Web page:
Gradually, Jordan added to his block. His property encompassed today's Palm Beach, Elanora, and Currumbin Waters.
In a period between 1880 to 1890, a retired railway worker and early land speculator, William Wood, acquired 400 acres of Jordan's coastal block.
Wood had numerous properties in South East Queensland and only appears to have lived at Palm Beach towards the end of his life.
Before World War 1, a Mr John Crimp occupied a homestead and grazed cattle on Wood's property.
At the time, there was no surveyed coastal road so early travellers often forded Tallebudgera Creek and travelled past the future Palm Beach by coach or horseback.
Alternatively, they took the longer coach route through the hinterland to Murwillumbah and then to the Tweed.
The railway line linking Brisbane to the Tweed was completed by 1903.
Open surf bathing was now fashionable with young Australians and, for the first time, Brisbane people could travel with relative ease to the surf beaches of Coolangatta.
However, it was the age of the mass-produced motor car which provided both the potential and impetus for developing beach properties between Southport and Coolangatta.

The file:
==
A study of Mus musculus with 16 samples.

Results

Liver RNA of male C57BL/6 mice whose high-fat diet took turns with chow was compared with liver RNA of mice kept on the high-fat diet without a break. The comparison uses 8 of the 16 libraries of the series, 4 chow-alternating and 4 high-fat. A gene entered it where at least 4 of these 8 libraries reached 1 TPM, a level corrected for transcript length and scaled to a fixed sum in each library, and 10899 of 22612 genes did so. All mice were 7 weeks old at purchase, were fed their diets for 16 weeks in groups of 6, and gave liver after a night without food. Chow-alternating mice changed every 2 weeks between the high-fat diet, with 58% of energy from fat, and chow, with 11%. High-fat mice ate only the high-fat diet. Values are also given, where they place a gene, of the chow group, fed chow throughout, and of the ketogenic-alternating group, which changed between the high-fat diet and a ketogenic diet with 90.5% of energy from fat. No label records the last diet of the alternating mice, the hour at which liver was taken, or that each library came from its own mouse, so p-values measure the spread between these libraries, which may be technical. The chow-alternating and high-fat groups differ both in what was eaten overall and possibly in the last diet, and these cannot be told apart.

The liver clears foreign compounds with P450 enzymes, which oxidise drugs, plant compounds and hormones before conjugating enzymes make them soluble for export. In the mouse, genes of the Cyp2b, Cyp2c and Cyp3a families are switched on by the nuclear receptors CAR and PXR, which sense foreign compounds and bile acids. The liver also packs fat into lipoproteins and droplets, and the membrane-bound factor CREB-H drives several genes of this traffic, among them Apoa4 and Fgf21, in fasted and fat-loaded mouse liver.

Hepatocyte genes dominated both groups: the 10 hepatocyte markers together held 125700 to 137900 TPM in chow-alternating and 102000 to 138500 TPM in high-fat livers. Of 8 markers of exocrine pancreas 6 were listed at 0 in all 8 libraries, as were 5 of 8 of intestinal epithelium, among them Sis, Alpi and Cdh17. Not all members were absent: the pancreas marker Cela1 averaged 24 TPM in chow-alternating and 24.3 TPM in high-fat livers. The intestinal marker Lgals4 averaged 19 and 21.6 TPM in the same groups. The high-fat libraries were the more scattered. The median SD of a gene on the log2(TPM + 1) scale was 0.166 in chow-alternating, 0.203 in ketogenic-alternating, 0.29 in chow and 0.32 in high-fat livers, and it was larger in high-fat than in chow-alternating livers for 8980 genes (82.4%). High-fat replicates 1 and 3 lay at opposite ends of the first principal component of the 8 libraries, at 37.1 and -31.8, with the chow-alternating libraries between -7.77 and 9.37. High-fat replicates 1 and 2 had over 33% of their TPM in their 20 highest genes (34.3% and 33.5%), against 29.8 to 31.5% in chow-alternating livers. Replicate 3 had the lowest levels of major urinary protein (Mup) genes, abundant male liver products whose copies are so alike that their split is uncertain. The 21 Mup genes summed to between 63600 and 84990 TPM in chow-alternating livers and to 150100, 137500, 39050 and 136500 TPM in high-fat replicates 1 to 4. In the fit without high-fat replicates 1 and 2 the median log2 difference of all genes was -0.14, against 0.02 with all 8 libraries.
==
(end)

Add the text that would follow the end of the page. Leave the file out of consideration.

William Wood's property south of Tallebudgera Creek was purchased by the Palm Beach Company Ltd around 1921.
The first housing allotments were subdivided from Cypress Avenue to the foreshore and were available for sale after 1922.
One of the first families to build a home on the estate at 4th Avenue was the surveyor and development manager, Perc Ballard and his wife, Annie.
By 1925 there were twenty or so seaside homes on the Palm Beach estate. Potential investors and holiday makers were encouraged to stay at a boarding house (Anada) or lunch at tea rooms built by the company.
When the road bridges were constructed over the Tallebudgera and Currumbin Creeks in 1926, the Palm Beach Hotel, erected in the same year, was a convenient stopping place for passing motor traffic.
Word spread and many families from Brisbane, Ipswich, the Darling Downs and western districts of Queensland built their timber or fibro beach house or camped along the long sweep of beach.
Today, Palm Beach/Elanora is one of the most densely populated areas of the Gold Coast and in recent years the area has expanded to include new subdivisions, including a small section of canal development.
Information and images provided by the City of Gold Coast Local Studies Collection.